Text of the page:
Are You Consciously Stuck?

a person with so many thoughts they are consciously stuck

Do you feel stuck? Picture this: you have a list of things to do, you know how to do everything on your list, but you can’t get yourself to do anything. Are you frustrated by this feeling? Maybe your list of things to do is so long that you feel overwhelmed by all you have to do. I took a class last week presented by Dr. Sasha Heinz. She calls this being consciously stuck.

Dr. Heinz says there’s a divide between good intentions and action. You can want to do lots and lots of things but until you create a plan to do them, all these good intentions will stay out there in the stratosphere and you will stay consciously stuck.

I get it. Many of my clients tell me, they know what to do they just can’t motivate themselves into action. Dr. Heinz attributes some of this to your mindset.

My mother used to say to me, “You can do anything you set your mind to”. Does this sound familiar? I bet that many of your mothers said something similar to you.

Henry Ford is famous for saying, “whether you think you can, or think you can’t – you’re right.”

In other words, when you tell your brain that you can’t do something it will be hard for you to get that thing done. Conversely, when you tell your brain you can get this thing or things done, you will. Your thoughts generate your emotions, and your emotions drive your actions.

When you are consciously stuck you are telling yourself that there’s no point to even trying because you’ll never get whatever it is done.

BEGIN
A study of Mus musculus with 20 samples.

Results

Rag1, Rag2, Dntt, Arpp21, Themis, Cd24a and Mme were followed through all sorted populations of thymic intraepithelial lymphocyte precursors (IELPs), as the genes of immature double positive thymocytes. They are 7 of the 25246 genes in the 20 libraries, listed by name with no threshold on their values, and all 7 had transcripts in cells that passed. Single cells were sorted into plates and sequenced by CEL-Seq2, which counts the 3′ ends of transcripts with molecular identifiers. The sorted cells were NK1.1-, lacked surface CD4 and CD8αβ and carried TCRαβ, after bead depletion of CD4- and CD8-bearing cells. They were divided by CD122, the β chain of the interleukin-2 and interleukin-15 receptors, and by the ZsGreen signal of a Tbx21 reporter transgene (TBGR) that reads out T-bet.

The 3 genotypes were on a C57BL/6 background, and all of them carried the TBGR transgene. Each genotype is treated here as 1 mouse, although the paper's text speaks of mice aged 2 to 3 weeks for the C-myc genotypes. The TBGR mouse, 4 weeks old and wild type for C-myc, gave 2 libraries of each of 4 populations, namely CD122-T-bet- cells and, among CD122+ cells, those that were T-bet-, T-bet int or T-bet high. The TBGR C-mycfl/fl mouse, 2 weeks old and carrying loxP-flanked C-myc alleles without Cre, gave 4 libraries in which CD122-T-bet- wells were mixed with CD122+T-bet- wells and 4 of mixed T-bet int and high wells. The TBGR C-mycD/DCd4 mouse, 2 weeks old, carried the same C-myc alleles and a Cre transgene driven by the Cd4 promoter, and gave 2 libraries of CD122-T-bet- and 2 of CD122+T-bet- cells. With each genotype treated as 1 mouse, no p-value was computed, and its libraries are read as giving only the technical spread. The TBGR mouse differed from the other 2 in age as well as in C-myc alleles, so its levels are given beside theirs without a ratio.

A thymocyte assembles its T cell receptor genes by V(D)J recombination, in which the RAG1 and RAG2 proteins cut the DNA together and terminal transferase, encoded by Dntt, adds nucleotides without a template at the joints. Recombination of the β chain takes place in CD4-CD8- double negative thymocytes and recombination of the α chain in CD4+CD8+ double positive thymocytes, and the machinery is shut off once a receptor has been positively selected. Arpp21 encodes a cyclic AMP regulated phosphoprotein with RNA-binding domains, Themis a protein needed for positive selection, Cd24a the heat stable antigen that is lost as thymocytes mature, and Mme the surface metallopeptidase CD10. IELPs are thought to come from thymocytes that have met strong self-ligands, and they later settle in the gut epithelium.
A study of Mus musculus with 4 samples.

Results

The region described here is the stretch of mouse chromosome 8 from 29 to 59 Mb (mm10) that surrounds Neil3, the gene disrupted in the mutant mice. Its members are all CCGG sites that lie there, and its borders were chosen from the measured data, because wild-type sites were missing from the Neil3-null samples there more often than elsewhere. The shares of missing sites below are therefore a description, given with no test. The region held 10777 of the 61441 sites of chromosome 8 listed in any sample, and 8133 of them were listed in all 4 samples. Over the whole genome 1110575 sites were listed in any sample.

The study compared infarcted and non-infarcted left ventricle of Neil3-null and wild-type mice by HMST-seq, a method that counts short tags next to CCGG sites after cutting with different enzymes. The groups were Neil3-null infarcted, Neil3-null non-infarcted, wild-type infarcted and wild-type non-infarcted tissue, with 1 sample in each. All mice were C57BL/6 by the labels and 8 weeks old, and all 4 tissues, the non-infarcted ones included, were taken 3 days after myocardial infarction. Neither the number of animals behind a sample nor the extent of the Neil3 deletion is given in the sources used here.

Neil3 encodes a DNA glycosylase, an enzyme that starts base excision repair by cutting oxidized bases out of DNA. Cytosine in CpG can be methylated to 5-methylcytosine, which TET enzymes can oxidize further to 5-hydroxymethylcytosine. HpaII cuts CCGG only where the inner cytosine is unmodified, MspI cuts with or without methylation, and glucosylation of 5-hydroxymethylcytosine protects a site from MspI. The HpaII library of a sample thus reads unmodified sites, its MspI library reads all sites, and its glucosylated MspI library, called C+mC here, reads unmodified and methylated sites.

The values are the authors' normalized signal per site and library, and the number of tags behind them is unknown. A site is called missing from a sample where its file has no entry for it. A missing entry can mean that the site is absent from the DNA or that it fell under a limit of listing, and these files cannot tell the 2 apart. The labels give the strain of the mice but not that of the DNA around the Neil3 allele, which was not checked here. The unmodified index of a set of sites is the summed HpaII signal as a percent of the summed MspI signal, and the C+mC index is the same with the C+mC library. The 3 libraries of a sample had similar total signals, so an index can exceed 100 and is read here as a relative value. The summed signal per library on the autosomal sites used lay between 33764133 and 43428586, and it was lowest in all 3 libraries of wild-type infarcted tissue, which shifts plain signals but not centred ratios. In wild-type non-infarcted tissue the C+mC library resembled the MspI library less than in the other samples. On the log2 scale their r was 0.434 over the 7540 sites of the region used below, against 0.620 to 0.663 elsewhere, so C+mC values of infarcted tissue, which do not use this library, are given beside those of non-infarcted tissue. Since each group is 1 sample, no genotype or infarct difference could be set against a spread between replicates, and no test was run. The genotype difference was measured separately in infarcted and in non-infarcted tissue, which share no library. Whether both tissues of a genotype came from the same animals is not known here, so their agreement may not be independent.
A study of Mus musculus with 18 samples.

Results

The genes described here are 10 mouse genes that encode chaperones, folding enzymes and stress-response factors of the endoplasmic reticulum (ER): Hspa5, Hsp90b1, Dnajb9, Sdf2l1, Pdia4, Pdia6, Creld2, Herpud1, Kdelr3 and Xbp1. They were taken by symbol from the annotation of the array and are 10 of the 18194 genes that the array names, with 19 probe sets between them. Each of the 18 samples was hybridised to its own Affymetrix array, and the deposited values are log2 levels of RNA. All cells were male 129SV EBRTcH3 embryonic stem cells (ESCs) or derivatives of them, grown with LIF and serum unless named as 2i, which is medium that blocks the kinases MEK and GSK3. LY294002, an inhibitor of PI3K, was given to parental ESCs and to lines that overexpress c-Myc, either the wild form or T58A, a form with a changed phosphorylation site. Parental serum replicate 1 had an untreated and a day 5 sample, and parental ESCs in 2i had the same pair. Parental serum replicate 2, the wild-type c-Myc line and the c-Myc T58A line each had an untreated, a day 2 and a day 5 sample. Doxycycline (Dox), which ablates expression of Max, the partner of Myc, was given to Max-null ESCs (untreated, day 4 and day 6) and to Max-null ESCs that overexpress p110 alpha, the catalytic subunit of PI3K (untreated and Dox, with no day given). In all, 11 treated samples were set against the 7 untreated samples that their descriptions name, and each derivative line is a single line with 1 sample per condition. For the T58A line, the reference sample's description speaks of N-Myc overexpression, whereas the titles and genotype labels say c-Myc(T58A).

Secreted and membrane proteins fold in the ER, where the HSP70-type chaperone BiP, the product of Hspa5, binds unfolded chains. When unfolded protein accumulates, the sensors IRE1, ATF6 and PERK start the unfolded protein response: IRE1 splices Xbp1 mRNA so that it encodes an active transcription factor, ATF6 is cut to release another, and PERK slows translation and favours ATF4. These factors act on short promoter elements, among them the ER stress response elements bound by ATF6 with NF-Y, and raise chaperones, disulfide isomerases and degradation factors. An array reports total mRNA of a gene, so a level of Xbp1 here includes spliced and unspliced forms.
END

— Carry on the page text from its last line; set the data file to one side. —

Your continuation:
Here are my tips to reduce the feeling of being consciously stuck

Have no more than 3 things on your daily to-do list

Sure, I know you have more than 3 things to do but limit your to-do list to 3 things. Rank them in order of importance. Do them. If there’s time, do 1 more task. Do not overwhelm yourself with a never-ending list of things to-do.

Use a schedule

Nothing gets done unless it is scheduled. You can tell yourself all day long about the things you want to do but unless you assign a day and time to getting them done these things will not get done.

It doesn’t have to be a specific time. You might say to yourself something like, “after breakfast I will water the plants”. Or, “on the way to pick Susie up from school, I will stop at the dry cleaners and pick up the cleaning”. This way you have a time frame.

Do a brain dump

Keep a journal or a list in your computer of all the things you want to do. Take these things off your mind so you don’t have to work to remember them. As you get these things done, cross them off your list. As new things or projects occur to you, add them to the list.

Plan your day the night before

There are many benefits to planning your day the night before. You will sleep better because your brain doesn’t have to work to remember the things you want to do in the morning. You will wake up having a plan for the day. It is not easy to be consciously stuck when you have a definitive plan.

If you are continually feeling stuck or overwhelmed by your to-do list check out the clutter support group that I run with Jonda Beattie. It is called Clear Space for You. We have organizing strategies to help you reduce this feeling of being  consciously stuck. Feel free to reach out to us with your questions on Facebook or on our website.